While still relatively rare, the rate of primary liver cancer has been increasing in recent decades, disproportionately affecting minority populations.
“Research has shown that Blacks and Hispanics are less likely to be diagnosed with liver cancer at an earlier stage, compared to whites,” says Dr. Sumera Ilyas, a Mayo Clinic gastroenterologist. “And that, in turn, means the odds of being eligible for potentially curative treatments are lower for these patients.”
These disparities are due to many potential reasons.
“These differences in diagnosis may be due to differences in access to primary or subspecialty health care. They may also be due to differences in surveillance,” explains Dr. Ilyas.
The National Cancer Institute estimates that more than 42,000 new cases of liver cancer will be diagnosed in 2021, representing 2.2% of all new cancer cases in the U.S.
The most common type of primary liver cancer is hepatocellular carcinoma. Other types of liver cancer, such as intrahepatic cholangiocarcinoma and hepatoblastoma, are much less common.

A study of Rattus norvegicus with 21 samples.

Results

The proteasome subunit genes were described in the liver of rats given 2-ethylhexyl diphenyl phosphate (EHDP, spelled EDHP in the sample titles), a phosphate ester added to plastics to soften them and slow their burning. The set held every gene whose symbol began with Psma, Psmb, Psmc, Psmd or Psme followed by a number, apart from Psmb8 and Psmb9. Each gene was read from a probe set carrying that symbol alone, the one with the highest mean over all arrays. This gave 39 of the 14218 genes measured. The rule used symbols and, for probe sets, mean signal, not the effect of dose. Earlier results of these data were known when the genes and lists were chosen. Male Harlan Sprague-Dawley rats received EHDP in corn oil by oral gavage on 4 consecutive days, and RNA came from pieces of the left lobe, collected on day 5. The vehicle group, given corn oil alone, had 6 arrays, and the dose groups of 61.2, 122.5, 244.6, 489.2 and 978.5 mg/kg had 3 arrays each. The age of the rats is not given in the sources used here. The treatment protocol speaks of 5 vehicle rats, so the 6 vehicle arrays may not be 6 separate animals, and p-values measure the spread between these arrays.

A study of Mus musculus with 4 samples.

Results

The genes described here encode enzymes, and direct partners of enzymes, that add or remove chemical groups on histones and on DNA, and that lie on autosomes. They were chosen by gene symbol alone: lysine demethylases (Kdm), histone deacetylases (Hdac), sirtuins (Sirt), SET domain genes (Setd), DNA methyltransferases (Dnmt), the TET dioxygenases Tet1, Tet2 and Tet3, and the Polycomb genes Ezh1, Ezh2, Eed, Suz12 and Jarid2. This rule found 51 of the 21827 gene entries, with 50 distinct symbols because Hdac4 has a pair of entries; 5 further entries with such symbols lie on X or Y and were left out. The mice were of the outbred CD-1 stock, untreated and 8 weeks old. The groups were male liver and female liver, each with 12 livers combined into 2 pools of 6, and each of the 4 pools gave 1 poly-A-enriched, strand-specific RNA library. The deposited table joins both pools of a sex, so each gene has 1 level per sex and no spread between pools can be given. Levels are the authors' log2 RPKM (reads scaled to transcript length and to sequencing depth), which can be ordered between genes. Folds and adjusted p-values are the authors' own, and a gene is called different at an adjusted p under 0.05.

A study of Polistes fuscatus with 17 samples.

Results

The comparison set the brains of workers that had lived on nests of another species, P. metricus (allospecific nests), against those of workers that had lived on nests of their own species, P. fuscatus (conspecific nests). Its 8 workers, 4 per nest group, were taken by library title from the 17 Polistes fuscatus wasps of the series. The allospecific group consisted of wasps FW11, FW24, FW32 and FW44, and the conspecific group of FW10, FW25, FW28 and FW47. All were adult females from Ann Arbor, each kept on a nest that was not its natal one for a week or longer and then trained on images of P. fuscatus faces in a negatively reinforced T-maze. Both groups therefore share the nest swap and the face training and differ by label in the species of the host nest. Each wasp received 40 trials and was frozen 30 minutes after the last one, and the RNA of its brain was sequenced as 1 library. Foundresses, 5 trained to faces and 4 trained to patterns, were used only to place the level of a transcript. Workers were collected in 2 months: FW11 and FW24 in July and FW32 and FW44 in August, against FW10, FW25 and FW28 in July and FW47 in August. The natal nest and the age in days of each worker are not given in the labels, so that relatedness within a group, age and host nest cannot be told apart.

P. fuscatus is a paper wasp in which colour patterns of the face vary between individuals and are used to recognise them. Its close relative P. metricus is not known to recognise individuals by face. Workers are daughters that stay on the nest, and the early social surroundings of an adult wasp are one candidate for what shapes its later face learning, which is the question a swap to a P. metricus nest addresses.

“The vast majority of liver cancers — over 90% — occur in patients who have a chronic liver disease,” says Dr. Ilyas. “Cirrhosis, or advanced scarring of the liver, is the strongest risk factor for hepatocellular carcinoma.”
Chronic infection with the hepatitis B or hepatitis C viruses also increases your risk of liver cancer.
A wide range of treatment options for primary liver cancer are available. Which treatment is used depends on the stage of the disease.
On the Mayo Clinic Q&A podcast, Dr. Ilyas discusses liver cancer diagnoses and treatment options, and the importance of prevention.
Watch: Dr. Ilyas discuss liver cancer.